There are a lot of open fields where campers can park an RV, pitch a tent and watch Monday’s total eclipse. But one family in Rexburg is drawing interest from across the country and around the world for the cause it represents.
Solar eclipse mania is here and one thing is for sure when the moon crosses the path of the sun creating the eclipse Monday morning, social media feeds will be flooded with all sorts of photos from anyone trying to capture that moment.
Wyoming and Idaho offer a scenic backdrop for Monday's eclipse. Visitors have many interesting ways to see it, and businesses have found ways to sell the experience. By river raft, on horseback, in a chairlift or a bus — don't expect it to be cheap.
Here's some important advice you've probably heard before: During Monday's solar eclipse, do not fry your eyeballs. It can happen. Serious eye damage. But along with learning safe practices, you probably should unlearn a few myths and misconceptions.
Monday's total solar eclipse has triggered an extraordinary explosion of prices for hotel and motel rooms across Wyoming and Idaho. There might still be places to stay for Utahns considering driving north, but get ready to open your wallet.
For the first time ever, the University of Utah plans to activate an extra medical helicopter and preposition it in Wyoming for the Great American Eclipse on Aug. 21, part of a major medical preparedness effort.
Idaho wildfires have burned more than 256,000 acres this season — and we’re facing another five or six weeks of higher than normal fire potential, according to the Boise-based National Interagency Fire Center.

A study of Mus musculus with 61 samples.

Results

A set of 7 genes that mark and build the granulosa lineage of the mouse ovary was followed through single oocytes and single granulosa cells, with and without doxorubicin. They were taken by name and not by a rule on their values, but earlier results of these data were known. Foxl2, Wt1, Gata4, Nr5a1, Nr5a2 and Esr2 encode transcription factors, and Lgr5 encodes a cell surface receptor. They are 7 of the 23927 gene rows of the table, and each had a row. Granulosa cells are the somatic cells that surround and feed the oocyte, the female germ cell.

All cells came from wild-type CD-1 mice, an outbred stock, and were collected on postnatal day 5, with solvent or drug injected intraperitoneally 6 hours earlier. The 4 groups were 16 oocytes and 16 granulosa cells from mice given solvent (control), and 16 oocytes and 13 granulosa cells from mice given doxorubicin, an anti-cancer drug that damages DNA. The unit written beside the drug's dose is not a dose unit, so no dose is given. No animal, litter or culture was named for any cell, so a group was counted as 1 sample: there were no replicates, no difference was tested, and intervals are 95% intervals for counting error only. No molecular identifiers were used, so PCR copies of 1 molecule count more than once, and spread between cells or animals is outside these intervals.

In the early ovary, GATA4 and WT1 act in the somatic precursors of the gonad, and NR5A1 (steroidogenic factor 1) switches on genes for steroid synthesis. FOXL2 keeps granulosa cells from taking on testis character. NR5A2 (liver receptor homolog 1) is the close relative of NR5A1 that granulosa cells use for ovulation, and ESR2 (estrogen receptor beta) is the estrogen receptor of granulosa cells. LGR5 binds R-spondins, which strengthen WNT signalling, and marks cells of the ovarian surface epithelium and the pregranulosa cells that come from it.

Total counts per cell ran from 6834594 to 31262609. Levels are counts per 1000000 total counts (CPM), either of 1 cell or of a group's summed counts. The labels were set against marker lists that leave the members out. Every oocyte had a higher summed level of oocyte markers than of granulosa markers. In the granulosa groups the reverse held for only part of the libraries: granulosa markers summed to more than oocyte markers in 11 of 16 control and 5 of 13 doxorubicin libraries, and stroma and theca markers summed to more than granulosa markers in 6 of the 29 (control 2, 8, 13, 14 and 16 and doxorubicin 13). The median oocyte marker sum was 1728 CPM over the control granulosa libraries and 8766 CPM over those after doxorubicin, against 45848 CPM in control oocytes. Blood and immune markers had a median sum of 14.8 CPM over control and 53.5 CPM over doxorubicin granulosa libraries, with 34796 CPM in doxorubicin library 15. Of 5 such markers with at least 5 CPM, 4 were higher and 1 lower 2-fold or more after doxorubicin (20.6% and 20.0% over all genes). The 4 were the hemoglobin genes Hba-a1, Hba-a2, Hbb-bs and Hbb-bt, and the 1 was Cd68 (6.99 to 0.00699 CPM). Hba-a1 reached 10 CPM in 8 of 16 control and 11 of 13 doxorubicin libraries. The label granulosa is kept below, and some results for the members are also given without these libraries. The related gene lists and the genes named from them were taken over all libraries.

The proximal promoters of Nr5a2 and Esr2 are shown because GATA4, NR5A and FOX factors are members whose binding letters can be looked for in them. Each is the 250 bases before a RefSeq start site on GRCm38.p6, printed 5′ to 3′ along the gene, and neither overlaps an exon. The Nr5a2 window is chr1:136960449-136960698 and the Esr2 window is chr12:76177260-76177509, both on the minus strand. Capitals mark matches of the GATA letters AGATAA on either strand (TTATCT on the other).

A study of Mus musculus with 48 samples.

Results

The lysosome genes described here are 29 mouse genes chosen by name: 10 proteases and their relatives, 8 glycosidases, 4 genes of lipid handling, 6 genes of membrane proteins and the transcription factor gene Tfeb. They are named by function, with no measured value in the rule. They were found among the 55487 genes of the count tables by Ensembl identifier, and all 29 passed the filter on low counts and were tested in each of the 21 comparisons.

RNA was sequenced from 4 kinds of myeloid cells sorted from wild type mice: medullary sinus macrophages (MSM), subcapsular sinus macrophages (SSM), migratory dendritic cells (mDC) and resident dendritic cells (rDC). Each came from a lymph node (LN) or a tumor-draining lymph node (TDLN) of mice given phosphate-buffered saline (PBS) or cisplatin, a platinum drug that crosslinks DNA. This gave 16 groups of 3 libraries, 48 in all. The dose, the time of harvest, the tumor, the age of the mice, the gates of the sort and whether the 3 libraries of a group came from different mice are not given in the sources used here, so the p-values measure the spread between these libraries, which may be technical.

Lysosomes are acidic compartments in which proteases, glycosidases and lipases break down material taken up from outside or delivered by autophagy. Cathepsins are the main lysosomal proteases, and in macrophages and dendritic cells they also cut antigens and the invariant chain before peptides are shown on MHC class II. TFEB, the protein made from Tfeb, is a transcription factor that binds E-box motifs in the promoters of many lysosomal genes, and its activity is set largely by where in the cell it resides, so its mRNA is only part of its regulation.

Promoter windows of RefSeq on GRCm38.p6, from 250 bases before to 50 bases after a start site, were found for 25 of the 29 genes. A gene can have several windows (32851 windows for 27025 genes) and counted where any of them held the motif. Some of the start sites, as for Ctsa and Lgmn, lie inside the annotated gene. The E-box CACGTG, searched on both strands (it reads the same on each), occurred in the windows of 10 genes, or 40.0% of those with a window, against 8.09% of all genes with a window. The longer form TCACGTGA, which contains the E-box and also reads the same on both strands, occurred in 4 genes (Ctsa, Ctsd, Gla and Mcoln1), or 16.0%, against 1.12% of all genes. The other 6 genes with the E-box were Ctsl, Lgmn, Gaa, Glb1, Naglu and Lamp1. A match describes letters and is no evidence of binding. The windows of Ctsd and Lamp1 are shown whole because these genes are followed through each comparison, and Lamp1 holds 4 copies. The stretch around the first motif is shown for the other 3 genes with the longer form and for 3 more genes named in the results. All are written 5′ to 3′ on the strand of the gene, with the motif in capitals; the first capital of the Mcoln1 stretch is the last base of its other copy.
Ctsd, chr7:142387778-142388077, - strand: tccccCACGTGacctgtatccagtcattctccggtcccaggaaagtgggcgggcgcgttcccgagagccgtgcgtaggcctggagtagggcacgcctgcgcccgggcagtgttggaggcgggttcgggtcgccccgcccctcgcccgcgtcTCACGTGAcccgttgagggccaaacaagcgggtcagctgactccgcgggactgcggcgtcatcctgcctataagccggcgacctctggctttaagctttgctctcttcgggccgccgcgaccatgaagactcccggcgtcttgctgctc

In a dozen states, some jurisdictions have issued disaster declarations anticipating huge crowds for the Aug. 21 eclipse. Oregon is even calling out the National Guard. Wyoming and Idaho are getting ready, too. But will the crowds really come?
Jacob Klopfenstein, KSL.com | PostedJul 19th, 2017 - 8:55pm
On Aug. 21, millions of people across the United States will experience something that hasn’t happened for decades: a total solar eclipse. The best places for viewing this once-in-a-generation event are north of Utah.
When "The Great American Eclipse" happens Aug. 21, millions of visitors will flood into Wyoming, Idaho and other states where the total eclipse will be visible. Among them will be 68 teams hoping to capture the longest movie of an eclipse in history.
In August, it's entirely possible that tens of millions of Americans will jump in their cars and drive to a neighboring state to watch a total solar eclipse. But are Wyoming and Idaho ready for a possible invasion from Utah?
Just before noon on Monday, Aug. 21, when tens of millions of Americans are expected to watch a total solar eclipse, a lucky few will watch it in a very unusual place: atop two old volcanic craters in eastern Idaho.
A retired Salt Lake City schoolteacher has been planning a huge party for more than a quarter-century — and this year it's finally party time. He's reinviting thousands of former students to celebrate "The Great American Eclipse."